SPRINGFIELD, MO. – Agriculture has arrived at the Greenwood Laboratory School on the Missouri State University campus in Springfield, Mo. 

Malynne Atkinson teaches the Agriculture on the Move Program to Jill Martin’s fifth grade class of 30 students every Tuesday morning from early March through the end of April. She also teaches the program to Stacy Gray’s third grade class at the same location each week. The program boasts a 10-week curriculum with all materials provided for free to interested Missouri elementary schools. 

Malynne is no stranger to agriculture. She grew up locally, raising livestock and participating in FFA and 4-H as a child, and several years later as a mother, with her own two children. She and her husband own a farm in Willard, Mo., with registered Angus. Malynne retired from 29 years of teaching in Willard, Mo., and has recently re-entered the classroom to share her love of agriculture and how important it is to the students, parents, and communities she reaches through her educational instruction as part of Agriculture on the Move. 

“I love how the curriculum is structured and the students are very engaged and excited when I arrive each week,” Malynne said of the MO AG on the Move program.

Melissa Wilson, who recruited Malynne as a program educator, has worked for Agriculture on the Move for eight years. She started as a part-time educator and welcomed the role as Southwest Missouri Regional Lead three years ago. She was happy to provide ample resources and education on this program, with the intent of bringing the farm to the classroom, to ensure elementary students have a grasp of how important farming is to our community at large. 

Mo AG on the Move began in 2011 under the Missouri Soybean Merchandising Council. The program was initiated by Luella Gregor, former staff member at Mo Soy. The original intent of MO AG on the Move was to develop a curriculum of agriculture, ‘Farm to Classroom’, for third grade students in the state of Missouri. The program has grown exponentially since its origin in 2011, and has since developed a full curriculum, which includes 10 lessons via PowerPoint, a workbook provided for each student, and a STEM (Science – Technology – Engineering – Math) activity, allowing for hands-on learning in conjunction with each weekly lesson. 

“Many educators take the farm to the school. Sometimes chickens, calves, cows, various plants, farm equipment and edible examples end up at our participating schools and in the classroom,” Melissa said.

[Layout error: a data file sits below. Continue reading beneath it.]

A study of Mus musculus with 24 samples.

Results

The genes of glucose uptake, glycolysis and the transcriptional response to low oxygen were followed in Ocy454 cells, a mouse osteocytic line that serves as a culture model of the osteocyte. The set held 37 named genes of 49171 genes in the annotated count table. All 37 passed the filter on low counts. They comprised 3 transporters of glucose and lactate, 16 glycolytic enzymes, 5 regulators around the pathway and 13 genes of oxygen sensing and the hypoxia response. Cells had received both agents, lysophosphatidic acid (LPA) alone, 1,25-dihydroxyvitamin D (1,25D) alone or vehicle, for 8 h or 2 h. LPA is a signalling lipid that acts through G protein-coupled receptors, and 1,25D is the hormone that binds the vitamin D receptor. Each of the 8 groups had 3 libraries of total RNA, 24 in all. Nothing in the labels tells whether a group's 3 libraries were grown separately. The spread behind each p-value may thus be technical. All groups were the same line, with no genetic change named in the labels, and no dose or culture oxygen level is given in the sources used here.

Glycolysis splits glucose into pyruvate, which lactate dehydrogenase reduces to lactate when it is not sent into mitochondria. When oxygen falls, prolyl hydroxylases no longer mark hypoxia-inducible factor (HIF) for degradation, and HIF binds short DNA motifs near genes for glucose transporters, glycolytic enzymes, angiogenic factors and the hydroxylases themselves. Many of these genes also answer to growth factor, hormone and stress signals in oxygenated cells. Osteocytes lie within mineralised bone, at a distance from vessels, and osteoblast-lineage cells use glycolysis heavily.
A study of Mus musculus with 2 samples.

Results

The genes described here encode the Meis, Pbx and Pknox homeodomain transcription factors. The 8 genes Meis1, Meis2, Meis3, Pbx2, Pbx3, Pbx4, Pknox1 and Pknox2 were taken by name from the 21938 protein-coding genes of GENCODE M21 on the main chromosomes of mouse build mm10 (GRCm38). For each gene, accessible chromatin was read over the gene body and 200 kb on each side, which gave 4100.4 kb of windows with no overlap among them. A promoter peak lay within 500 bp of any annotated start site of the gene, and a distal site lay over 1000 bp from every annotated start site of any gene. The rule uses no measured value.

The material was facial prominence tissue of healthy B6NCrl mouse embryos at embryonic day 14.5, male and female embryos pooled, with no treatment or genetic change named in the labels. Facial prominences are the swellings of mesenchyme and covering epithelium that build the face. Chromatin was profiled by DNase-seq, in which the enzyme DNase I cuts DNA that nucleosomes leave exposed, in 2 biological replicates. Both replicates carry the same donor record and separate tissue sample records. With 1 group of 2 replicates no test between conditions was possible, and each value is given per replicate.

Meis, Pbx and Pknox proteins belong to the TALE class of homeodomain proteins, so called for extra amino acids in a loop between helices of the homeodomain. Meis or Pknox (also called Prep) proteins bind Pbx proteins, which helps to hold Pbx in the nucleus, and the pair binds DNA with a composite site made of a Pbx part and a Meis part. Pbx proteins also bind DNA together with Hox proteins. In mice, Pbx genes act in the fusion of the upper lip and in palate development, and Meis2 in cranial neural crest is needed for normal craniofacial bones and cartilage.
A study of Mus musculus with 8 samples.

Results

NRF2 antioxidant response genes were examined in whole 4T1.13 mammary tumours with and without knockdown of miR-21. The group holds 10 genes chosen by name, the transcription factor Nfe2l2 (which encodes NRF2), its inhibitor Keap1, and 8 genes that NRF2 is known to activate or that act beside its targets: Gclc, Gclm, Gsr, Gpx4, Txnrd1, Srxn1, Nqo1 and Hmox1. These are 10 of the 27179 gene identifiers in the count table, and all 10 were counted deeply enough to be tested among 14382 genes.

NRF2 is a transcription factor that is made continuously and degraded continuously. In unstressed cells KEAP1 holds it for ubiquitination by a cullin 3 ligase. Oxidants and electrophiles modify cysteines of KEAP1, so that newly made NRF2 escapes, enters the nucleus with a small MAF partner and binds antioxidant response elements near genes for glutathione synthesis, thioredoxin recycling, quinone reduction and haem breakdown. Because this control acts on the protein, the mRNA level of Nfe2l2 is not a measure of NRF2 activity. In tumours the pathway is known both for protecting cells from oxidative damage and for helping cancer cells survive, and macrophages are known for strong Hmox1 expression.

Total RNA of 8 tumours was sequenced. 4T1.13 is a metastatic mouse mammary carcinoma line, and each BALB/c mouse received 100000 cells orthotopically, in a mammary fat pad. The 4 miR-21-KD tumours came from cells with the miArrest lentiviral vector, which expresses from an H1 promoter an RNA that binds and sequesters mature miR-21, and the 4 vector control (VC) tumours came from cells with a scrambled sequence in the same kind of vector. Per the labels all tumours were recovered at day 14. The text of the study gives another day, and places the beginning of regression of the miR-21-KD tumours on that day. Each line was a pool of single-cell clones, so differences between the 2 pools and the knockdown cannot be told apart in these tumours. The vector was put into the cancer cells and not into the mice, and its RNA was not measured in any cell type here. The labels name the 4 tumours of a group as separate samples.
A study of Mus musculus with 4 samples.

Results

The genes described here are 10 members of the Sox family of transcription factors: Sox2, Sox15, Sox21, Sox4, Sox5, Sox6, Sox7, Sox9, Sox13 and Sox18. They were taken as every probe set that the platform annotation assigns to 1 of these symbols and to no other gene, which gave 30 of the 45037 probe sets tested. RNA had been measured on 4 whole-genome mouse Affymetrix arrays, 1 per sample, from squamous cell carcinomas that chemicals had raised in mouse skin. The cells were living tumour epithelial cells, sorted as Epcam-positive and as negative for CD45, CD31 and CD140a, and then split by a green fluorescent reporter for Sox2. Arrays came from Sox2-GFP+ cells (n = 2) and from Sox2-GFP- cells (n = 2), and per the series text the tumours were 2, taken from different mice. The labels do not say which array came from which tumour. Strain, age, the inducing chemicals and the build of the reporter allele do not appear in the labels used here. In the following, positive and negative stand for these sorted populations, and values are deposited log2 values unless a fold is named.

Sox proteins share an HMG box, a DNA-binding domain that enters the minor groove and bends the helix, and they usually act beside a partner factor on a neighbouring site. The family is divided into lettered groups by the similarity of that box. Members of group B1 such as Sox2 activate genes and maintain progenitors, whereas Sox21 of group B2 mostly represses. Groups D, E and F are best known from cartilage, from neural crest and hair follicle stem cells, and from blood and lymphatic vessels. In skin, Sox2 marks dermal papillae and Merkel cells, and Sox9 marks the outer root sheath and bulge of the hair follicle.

In addition to Missouri Elementary schools, the program has been implemented in several county extensions, a handful of 4-H partnerships, and farming summer camps which, not only use the curriculum, but also allow off-site field trips to local farms and agricultural businesses. MO AG Move impacts older students interested in agriculture as well. Missouri FFA students are given the opportunity to partner with Missouri Farmers Care to teach the curriculum to students in their local districts. 

“This allows FFA members to serve as educators, gaining hands-on experiences in the classroom and advocating for agriculture in their local community,” Melissa shared. 

The experience can open the door to the selection for a high school Supervised Agriculture Experience project. Further, students who serve as educators for the program can apply for a proficiency award, making them eligible for scholarships from MO AG Moves. Summer internships are available through the program for interested college students, making this program a huge win for both the younger and older agriculturally interested audience in the state of Missouri. 

“My favorite part of the program is that Agriculture on the Move is a very solid curriculum that promotes agriculture literacy, while being aligned with Missouri Learning Standards,” Melissa said. “The hands-on STEM activities for each lesson make it fun, allowing students to explore, and providing daily life application. I also like to hear the kids get excited about agriculture.” 

She further explained that the majority of students in which the program encompasses have a varying knowledge of agriculture. Those with limited experience are provided an opportunity to gain more knowledge, while those who are familiar with agriculture based on family farms or parents’ careers are given the opportunity to expand their existing knowledge and bring new ideas to the table, further enhancing the success and growth of this pivotal learning program. Melissa is adequately qualified to represent the Agriculture on the Move program. She grew up on a dairy farm in Greene County. She earned a master’s in elementary education and taught in Willard for 15 years (she was actually an elementary school teacher to Malynne’s now- grown children during her tenure with Willard Public Schools). “This job combines both of my passions; agriculture and education,” Melissa said.